The films of Hou Hsiao-hsien altered Taiwanese Cinema with the use of an objective lens. Hsiao-hsien held on to the collective memory in his work in order to lend perspective and interpretation of life in Taiwan.
Flowers of Taipei: Taiwan New Cinema (2014), which premiered at the Venice Film Festival with critical acclaim explores how Hsaio-hsien, Edward Yang, and others contributed to the New Taiwanese Cinema. The interviewees, including Hsaio-hsien, chronicle the changes in Asian cinema through imagination and joy, to shining light on the gripping dark spots in the history of Taiwan. One interviewee stated that film is memory. In turn, world cinema changed as well, which had the audience nostalgic and reminiscent of the “good old days”. Memory and reality play a big theme in the films. The audience is forced to remember the political brutality, disparity, location racism, and ultimately the truth with issues being raised on screen.
The film, Good Men, Good Women (1995) examines Taiwan during the “White Terror” era, a thirty-eight year period when Taiwanese people lived in fear from the government. Hsiao-hsien examines the past while comparing it to the present and analyzes the affects the 228 incident and White Terror had on the identity of these Taiwanese people. Good Men, Good Women plays Saturday February 7th, at 5:30 p.m.
Hsaiao-hsien’s rom-com, Cute Girl (1980) is a tale about a country lad falling in love with the beautiful city girl. Hsiao-hsien’s use of Hong Kong’s Kenny Bee and Taiwanese pop icon Feng Fei-fei added to the allure of the film. The “cute girl” begins to appreciate the simple life but the character twists add a few bumps along the way. Cute Girl plays Tuesday, February 17th, at 6:15 p.m.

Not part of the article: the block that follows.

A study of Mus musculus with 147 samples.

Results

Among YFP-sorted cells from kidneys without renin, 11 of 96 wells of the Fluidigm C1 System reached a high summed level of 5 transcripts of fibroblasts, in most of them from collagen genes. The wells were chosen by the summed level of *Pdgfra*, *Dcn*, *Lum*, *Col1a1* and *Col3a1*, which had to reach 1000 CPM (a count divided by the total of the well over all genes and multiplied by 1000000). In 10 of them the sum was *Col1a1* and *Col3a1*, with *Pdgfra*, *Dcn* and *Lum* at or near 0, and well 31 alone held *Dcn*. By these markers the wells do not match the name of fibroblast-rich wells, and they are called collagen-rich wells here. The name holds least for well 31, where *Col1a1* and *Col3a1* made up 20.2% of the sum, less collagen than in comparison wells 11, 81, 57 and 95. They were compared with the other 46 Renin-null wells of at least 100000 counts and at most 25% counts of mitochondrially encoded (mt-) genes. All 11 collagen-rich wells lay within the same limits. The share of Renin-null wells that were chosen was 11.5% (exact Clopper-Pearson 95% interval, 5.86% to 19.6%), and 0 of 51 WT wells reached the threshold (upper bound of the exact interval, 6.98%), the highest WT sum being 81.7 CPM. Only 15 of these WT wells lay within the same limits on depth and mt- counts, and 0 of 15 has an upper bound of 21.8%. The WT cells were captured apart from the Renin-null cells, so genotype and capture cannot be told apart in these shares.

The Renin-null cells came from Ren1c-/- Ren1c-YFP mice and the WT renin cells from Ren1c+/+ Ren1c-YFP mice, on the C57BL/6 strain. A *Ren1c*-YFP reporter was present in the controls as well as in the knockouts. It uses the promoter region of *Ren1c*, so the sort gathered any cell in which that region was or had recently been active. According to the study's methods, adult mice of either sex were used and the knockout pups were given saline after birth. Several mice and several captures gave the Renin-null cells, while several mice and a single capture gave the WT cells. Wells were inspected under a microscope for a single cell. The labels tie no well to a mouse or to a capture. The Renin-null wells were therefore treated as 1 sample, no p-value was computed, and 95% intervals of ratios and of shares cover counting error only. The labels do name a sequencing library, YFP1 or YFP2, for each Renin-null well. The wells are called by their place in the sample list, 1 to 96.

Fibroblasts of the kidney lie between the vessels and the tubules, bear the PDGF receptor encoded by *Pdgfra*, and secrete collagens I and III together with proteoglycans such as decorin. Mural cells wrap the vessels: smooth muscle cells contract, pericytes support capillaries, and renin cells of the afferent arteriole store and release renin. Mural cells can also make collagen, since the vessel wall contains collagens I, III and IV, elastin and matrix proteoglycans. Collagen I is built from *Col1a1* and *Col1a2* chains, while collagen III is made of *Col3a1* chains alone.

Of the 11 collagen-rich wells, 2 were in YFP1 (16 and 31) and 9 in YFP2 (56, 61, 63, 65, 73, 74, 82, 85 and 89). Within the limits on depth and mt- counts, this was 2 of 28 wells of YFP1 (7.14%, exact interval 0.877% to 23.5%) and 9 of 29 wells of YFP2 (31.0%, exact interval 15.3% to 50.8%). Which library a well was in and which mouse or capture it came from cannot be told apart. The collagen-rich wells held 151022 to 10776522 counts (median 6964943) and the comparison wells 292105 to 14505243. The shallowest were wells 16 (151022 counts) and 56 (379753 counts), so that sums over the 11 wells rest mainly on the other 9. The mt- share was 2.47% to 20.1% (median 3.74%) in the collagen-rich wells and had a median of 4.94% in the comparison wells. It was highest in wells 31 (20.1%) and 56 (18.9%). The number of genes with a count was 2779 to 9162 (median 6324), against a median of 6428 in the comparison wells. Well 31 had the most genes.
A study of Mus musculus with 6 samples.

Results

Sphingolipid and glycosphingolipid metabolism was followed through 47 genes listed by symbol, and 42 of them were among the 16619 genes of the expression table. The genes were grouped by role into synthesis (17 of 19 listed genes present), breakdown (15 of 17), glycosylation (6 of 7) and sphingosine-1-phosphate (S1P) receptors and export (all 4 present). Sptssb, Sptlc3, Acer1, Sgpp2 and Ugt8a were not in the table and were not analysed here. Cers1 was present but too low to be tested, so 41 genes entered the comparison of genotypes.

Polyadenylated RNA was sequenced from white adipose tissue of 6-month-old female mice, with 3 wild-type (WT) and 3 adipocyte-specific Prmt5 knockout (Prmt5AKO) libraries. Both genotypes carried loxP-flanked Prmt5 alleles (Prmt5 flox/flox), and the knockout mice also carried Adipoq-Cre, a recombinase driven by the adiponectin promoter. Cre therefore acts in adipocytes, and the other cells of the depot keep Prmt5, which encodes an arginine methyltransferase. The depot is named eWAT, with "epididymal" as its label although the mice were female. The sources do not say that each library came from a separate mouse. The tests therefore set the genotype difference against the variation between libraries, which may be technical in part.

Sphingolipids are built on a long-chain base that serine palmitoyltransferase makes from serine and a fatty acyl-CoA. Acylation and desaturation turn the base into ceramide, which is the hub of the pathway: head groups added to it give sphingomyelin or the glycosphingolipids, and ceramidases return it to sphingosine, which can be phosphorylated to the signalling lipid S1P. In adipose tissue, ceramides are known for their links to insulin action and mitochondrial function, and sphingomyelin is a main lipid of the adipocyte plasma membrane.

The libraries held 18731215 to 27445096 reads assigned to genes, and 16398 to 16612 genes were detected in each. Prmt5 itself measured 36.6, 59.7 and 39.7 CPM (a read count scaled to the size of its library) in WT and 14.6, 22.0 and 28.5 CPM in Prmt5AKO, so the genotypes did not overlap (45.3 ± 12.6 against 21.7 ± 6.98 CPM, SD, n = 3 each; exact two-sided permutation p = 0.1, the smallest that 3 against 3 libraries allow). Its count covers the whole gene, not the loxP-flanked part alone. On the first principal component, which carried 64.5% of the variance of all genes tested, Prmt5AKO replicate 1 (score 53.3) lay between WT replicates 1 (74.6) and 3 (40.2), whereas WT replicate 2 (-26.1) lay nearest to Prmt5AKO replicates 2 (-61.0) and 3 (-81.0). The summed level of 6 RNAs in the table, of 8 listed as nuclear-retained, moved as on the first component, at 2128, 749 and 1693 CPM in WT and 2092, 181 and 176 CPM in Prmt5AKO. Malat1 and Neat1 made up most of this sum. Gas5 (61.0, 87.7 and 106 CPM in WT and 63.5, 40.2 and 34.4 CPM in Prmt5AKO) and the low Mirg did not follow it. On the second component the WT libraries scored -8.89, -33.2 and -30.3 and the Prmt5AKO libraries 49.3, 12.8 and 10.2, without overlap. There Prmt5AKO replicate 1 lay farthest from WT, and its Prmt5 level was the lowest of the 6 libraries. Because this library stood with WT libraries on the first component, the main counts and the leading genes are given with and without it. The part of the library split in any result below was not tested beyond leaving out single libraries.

Millennium Mambo (2001) truly allows the audience to enter the mind of Hong Kong socialite Shu Qi as she floats around Taipei in a techno and drug fueled perpetual party. The cinematography becomes the eyes and ears of the audience. The audience becomes mesmerized with the fast paced and destructive life, along with Vicky’s powerful emotions and words. Millennium Mambo is the last film of the festival, playing March 1st at 6:30 p.m.
Be sure to hashtag #tiff #goodmengoodwomen #novellamag if you attend the film festival, and let us know what you think! Good Men, Good Women runs until March 1st at TIFF Bell Lightbox.
All photographs are courtesy of TIFF Film Reference Library.